Where there are peacocks at prayer...

Where there are peacocks at prayer...

Lucknow cantonment`s All Saints Garrison Church is one sumptuous Raj relic, writes Sheila Kumar

All Saints Garrison Church in Lucknow. photos by author

As we turned left into the compound of our army guest house, we were taken aback because what met our eyes on the right was a truly magnificent sight, something that belonged in a Merchant Ivory film.

Any moment now, we expected a crinoline-clad lady with a parasol walking into the church. For church it was, the big red-brick sprawling building, the All Saints Garrison
Church of Lucknow Cantt. Within the hour, we were in the compound of the place, picking our way through the uncut grass, taking a closer look at this 111-year-old structure. It was a frosty January evening and someone (nary a sight of him/her, though) had lit a bonfire out back; the fire was dying, with the
smoke lazily rising up to the widespread branches of a lovely old tree arching above it.

Out back, it was unkempt wilderness. As we stood staring, there was the loud flutter of heavy wings and a peacock flew awkwardly from a low branch of one of the trees into a bamboo thicket close by.

They were everywhere in the church precincts, these peacocks and peahens. Perched atop a mini turret in front, pecking desultorily at the barren, dry ground in the front yard, sitting on trees, one insouciantly looking down at us from the tower which housed the church bell at the main entrance. Somehow,
these birds complemented the structure and further intensified the ambience of ages past. This is a church with significant history. The first Anglican church in the city, it was built and consecrated in 1860, just three years after the Indian Rebellion. Back then it was smaller in size but by the early 1900s, there were many more troops stationed in Nucklow and the church was reconstructed on a larger scale, the new building coming up slightly to the southeast of the original structure.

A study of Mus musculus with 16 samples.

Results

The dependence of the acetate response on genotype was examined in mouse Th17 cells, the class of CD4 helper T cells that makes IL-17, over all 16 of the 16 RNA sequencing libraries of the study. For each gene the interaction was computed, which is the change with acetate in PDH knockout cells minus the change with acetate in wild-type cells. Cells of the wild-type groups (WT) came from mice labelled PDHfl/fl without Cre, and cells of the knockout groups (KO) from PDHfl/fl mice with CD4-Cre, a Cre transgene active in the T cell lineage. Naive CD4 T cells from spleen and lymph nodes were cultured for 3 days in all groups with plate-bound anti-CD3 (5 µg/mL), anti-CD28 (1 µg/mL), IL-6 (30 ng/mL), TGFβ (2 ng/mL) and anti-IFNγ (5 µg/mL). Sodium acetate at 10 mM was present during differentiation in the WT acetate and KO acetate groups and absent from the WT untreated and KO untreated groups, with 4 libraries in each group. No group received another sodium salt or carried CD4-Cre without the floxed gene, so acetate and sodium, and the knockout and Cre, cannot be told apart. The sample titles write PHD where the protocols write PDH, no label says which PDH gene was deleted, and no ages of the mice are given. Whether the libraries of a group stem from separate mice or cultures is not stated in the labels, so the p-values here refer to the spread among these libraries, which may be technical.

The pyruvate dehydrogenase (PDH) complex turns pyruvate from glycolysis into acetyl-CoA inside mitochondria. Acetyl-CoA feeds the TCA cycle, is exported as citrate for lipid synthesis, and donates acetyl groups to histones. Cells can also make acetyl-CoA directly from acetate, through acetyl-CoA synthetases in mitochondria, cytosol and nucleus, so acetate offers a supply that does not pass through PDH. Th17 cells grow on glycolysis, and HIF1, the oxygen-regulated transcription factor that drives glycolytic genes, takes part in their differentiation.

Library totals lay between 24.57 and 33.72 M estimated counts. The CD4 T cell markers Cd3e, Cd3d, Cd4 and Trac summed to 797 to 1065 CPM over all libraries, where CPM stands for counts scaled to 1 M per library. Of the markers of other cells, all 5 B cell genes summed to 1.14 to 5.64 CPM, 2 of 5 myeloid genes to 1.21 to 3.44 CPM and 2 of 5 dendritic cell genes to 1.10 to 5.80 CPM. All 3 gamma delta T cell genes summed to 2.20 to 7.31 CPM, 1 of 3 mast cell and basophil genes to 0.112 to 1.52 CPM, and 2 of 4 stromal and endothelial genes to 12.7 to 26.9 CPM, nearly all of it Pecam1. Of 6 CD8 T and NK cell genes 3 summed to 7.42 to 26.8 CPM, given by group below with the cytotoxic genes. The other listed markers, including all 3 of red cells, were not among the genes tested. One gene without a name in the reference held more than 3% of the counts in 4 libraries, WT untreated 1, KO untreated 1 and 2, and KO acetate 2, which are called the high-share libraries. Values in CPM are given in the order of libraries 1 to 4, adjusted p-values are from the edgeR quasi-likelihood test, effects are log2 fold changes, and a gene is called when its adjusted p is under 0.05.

From the moment we first set eyes on the building, it seemed familiar but elusively familiar. Reading up on the place later, we found that engineer Jones Ransom who built it, had been inspired by another building far away, one which we had admired at length years ago, Oxford’s Magdalene College. The same dreaming spires, the same main tower, the same majestic sprawl; yet this church was considered a tad modern for its time. Construction costs were a steep (for that time) Rs 91,000.

The interior of the church is a large one with pews (the largest number in a Lucknow church) made of plywood. One unusual feature of these seats is the niche on every bench that was used to keep guns while at prayer. It doesn’t take me long to connect the dots here: the mutineers had entered churches
and attacked the British, so soldiers with weapons were probably safeguards.

Now, an air of utter abandonment prevails over the church and its environs. Rows of fairy lights hang unlit, probably left over from Christmas and New Year celebrations at the spot. We found ourselves wishing fervently that there had been grand celebrations on-site, because a church this grand deserves grand

There wasn’t a soul in sight anywhere around, on the day of our first visit, and our subsequent visits. Elsewhere, though, we met someone who was a regular at Sunday Mass and she said a mere handful came to the church now, which probably accounted for the derelict air. Sad, but then again, nothing can take away the magnificence of this imposing edifice. 

Lucknow is not lacking in old and beautiful churches built during the Raj; there is the Christ Church, the Old Methodist Church, the Church of the Epiphany, the St Francis of Assisi Church, and more.

And as our visit came to an end and we drove out past the church, we did a repeat act: craned the neck till the red brick building was lost to sight. There was no crinoline-clad lady with a parasol strolling in the grounds but we did hear the raucous cry of a peacock, almost as if it was bidding us goodbye. Some
places have you turning fanciful like that.